This page summarizes the lectures and mentions the suggested reading assignments. This summary is quite brief, and its intention is to help the student and instructor recollect what was covered. It is no substitute for participating in the lectures.

## Week 1

• Lecture 1: The interval scheduling problem from Section 4.1 of the text.
• Lecture 2: The interval scheduling problem continued. Quiz.
• Reading assignment for Week 1: Section 4.1 of the text. Some old lecture notes on Interval Scheduling .

## Week 2

• Lecture 1: Interval Partitioning, from Section 4.1.
• Lecture 2: Scheduling to minimize lateness, Section 4.2.
• Lecture 3: Completing the proof of the correctness of the algorithm for scheduling to minimize lateness.
• Reading Assignment: Section 4.2. Old notes on Scheduling to minimize lateness. There is a typo on page 2 in the definition of the lateness.

## Week 3

This week's material is from Chapter 3 of the text.
• Lecture 1: Graphs and their contexts, graph representation, searching for all vertices reachable from a given vertex, breadth-first-search.
• Lecture 2: Further development of the breadth first search algorithm, connection to finding shortest paths, introducing depth-first-search.
• Lecture 3: Depth first search.
• Reading Assignment for Week 3: Sections 3.1, 3.2, and 3.3.

## Week 4

• Lecture 1: Directed graphs, representation, DFS and BFS on directed graphs, strongly connected components (Section 3.5).
• Lecture 2: Directed Acyclic Graphs and Topological Sorting (Section 3.6)
• Lecture 3: Mergesort and Counting Inversions (Section 5.3)
• Reading Assignment for Week 4: Sections 3.5 and 3.6.

## Week 5

• Lecture 1: Counting Inversions, analyzing the resulting recurrence relation. (Section 5.1)
• Lecture 2: Sorting Pancakes, Tiling Chessboards. Integer multiplication from Section 5.5. (In class we consider integers in decimal representation, but the book considers binary representation.)
• Lecture 3: Completing Karatsuba's algorithm for integer multiplication from Section 5.5. The discussion on integer multiplication follows Section 1.7 of Jeff Erickson's lecture notes.
• Reading: Sections 5.1, 5.2, 5.3, and 5.5.

## Week 6

• Lecture 1: The closest pair problem from Section 5.4. Some old lecture notes.
• Lecture 2: Some practice problems ahead of Friday's midterm. Finding the maximum contiguous subarray using divide-and-conquer.

## Week 7

• Lecture 1: Completing discussion of maximum contiguous subarray, and approaches to the closest point problem and variants that should improve over brute force in practice.
• Lecture 2: The O(n log n) closest pair algorithm from Section 5.4. These notes also contain a discussion of the maximum contiguous subarray problem.
• Lecture 2: Minimum Spanning Trees, Section 4.5.

## Week 8

• Lecture 1: Correctness of minimum spanning tree algorithms, Section 4.5.
• Lecture 2: Data Structuring for implementing Prim's algorithm.
• Lecture 3: Data Structures for Kruskal's algorithm, Section 4.6.

## Week 9

• Lecture 1: Dijkstra'a algorithm for shortest paths in graphs with non-negative edge costs, Section 4.4.
• Lecture 2: Correctness, data structure, and implementation of Dijkstra.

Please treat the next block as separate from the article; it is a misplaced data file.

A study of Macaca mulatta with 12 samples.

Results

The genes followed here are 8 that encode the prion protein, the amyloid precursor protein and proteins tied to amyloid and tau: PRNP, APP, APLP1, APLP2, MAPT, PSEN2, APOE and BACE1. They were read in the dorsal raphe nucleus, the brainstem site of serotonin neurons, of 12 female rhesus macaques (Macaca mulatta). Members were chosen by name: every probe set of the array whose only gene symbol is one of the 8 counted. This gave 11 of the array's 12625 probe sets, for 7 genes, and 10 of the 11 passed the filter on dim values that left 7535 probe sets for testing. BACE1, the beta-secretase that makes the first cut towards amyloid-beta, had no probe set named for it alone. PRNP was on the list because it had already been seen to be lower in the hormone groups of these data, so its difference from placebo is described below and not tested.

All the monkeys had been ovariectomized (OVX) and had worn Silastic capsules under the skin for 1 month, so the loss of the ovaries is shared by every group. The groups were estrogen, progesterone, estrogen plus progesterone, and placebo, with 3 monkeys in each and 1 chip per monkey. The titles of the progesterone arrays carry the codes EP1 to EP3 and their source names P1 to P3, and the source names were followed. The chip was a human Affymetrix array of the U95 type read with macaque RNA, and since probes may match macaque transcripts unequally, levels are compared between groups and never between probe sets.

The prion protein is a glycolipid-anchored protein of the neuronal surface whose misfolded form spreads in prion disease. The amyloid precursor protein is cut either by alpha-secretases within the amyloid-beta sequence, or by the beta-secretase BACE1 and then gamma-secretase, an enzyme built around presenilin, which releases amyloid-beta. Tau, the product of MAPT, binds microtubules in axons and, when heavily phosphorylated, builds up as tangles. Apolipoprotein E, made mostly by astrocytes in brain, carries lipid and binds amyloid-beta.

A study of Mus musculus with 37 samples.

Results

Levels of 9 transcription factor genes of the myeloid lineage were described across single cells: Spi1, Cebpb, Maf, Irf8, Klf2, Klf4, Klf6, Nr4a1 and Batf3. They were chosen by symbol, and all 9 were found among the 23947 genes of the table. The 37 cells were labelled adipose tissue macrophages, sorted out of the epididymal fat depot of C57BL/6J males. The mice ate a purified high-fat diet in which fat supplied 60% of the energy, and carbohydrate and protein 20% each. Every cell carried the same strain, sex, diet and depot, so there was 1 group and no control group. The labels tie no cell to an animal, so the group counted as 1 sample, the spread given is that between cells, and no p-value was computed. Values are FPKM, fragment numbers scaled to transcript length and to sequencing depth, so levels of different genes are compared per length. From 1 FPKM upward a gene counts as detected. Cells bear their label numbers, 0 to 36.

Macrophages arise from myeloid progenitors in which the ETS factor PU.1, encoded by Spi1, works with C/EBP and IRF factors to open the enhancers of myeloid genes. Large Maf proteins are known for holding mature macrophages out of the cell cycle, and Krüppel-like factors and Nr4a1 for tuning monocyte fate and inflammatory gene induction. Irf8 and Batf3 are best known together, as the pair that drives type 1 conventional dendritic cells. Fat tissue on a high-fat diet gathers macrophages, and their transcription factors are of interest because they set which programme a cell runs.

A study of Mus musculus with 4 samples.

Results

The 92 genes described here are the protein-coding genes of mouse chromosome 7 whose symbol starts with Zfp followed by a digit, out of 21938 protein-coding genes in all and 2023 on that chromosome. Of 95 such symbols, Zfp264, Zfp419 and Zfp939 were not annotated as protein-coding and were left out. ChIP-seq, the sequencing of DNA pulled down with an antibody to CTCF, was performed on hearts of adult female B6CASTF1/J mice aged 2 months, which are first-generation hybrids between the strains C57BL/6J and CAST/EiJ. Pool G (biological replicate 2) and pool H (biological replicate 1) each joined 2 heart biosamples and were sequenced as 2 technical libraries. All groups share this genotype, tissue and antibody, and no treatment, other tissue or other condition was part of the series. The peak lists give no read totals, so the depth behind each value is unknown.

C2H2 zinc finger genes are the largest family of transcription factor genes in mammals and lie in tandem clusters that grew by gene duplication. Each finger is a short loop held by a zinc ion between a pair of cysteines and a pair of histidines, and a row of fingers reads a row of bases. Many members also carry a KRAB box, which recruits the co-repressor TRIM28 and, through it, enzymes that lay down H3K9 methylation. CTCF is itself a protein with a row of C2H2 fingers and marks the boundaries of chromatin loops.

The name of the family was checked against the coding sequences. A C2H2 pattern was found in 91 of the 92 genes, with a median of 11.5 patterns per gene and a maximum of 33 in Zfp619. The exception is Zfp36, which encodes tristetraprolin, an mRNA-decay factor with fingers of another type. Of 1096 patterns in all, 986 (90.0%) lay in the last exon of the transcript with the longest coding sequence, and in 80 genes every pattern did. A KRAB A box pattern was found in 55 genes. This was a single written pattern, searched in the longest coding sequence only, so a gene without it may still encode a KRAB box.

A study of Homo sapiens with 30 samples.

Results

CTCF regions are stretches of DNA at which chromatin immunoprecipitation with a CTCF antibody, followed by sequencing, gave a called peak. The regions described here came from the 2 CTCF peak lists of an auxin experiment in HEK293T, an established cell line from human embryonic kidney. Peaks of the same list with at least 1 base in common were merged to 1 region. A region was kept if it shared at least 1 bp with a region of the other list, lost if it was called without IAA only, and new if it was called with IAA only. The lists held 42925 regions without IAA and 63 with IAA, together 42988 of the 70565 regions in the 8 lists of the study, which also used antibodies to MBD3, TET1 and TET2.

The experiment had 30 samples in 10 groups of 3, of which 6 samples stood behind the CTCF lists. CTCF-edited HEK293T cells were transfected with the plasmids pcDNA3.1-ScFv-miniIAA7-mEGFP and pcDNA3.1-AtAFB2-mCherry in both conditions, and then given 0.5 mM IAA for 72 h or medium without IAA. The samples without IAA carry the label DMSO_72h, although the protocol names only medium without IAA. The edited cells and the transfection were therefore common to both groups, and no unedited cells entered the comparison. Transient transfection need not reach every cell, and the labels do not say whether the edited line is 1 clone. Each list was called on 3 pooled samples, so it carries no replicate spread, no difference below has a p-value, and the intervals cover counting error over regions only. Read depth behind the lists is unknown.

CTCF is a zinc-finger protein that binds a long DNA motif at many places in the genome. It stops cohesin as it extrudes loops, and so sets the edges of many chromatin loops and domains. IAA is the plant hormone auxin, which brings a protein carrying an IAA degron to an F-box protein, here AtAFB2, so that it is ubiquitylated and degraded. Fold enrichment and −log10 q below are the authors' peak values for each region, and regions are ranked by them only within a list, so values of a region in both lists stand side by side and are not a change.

• Lecture 3: Weighted interval scheduling from Section 6.1: Problem formulation, expressing optimal solution to problem in terms of optimal solution to subproblems.

## Week 10

• Lecture 1: A correct recursive algorithm for weighted interval scheduling. There are only O(n) distinct subproblems generated by the recursion, but algorithm is exponential because it solves each subproblem multiple times.
• Lecture 2: An O(n^2) algorithm obtained via caching/memoizing already solved subproblems. A version of this that is iterative. Possible to improve running time to O(n) by having subproblems only solve for the value of optimal solution, not the optimal solution itself. This is the approach taken in the textbook.
• Lecture 3: The material we will discuss is similar to Section 6.3 of the text, but it is not the same thing. We will follow these notes on the segmentation problem.

## Week 11

• Lecture 1: Developing the dynamic programming algorithm for segmentation. Introduction to the knapsack problem (Section 6.4).
• Lecture 2: Knapsack algorithm
• Lecture 3: Knapsack algorithm completed. Review for second midterm.

## Week 12

• Lecture 1: Second Midterm
• Lecture 2: Shortest Paths when edges have negative lengths. The Bellman-Ford algorithm from Section 6.8.
• Lecture 3: Randomized algorithms: The majority party problem from the homeworks

## Week 13

• Lecture 1: Randomized algorithms: quicksort. The stuff on randomized algorithms will not be tested in the final exam.
• Lecture 2: The CNF satisfiability problem and the maximum independent set problems from Chapter 8.
• Lecture 3: More dynamic programming examples. Led by TA.

## Week 14

• Lecture 1: Reduction of Problem 3 of Homework 7 to shortest paths, and CNF-SAt to Independent Set.
• Lecture 2: Polynomial time reducibility: definition and consequences. All of this week's material is from Chapter 8.
• Lecture 3: Efficient verifiers, the classes P and NP, and NP-completeness. Slides used for this meeting.

## Week 15

• Lecture 1: NP-Completeness of CNF-SAT and Independent Set. As an example of showing NP-completeness of a new problem, we looked at Exercise 4 of Chapter 8.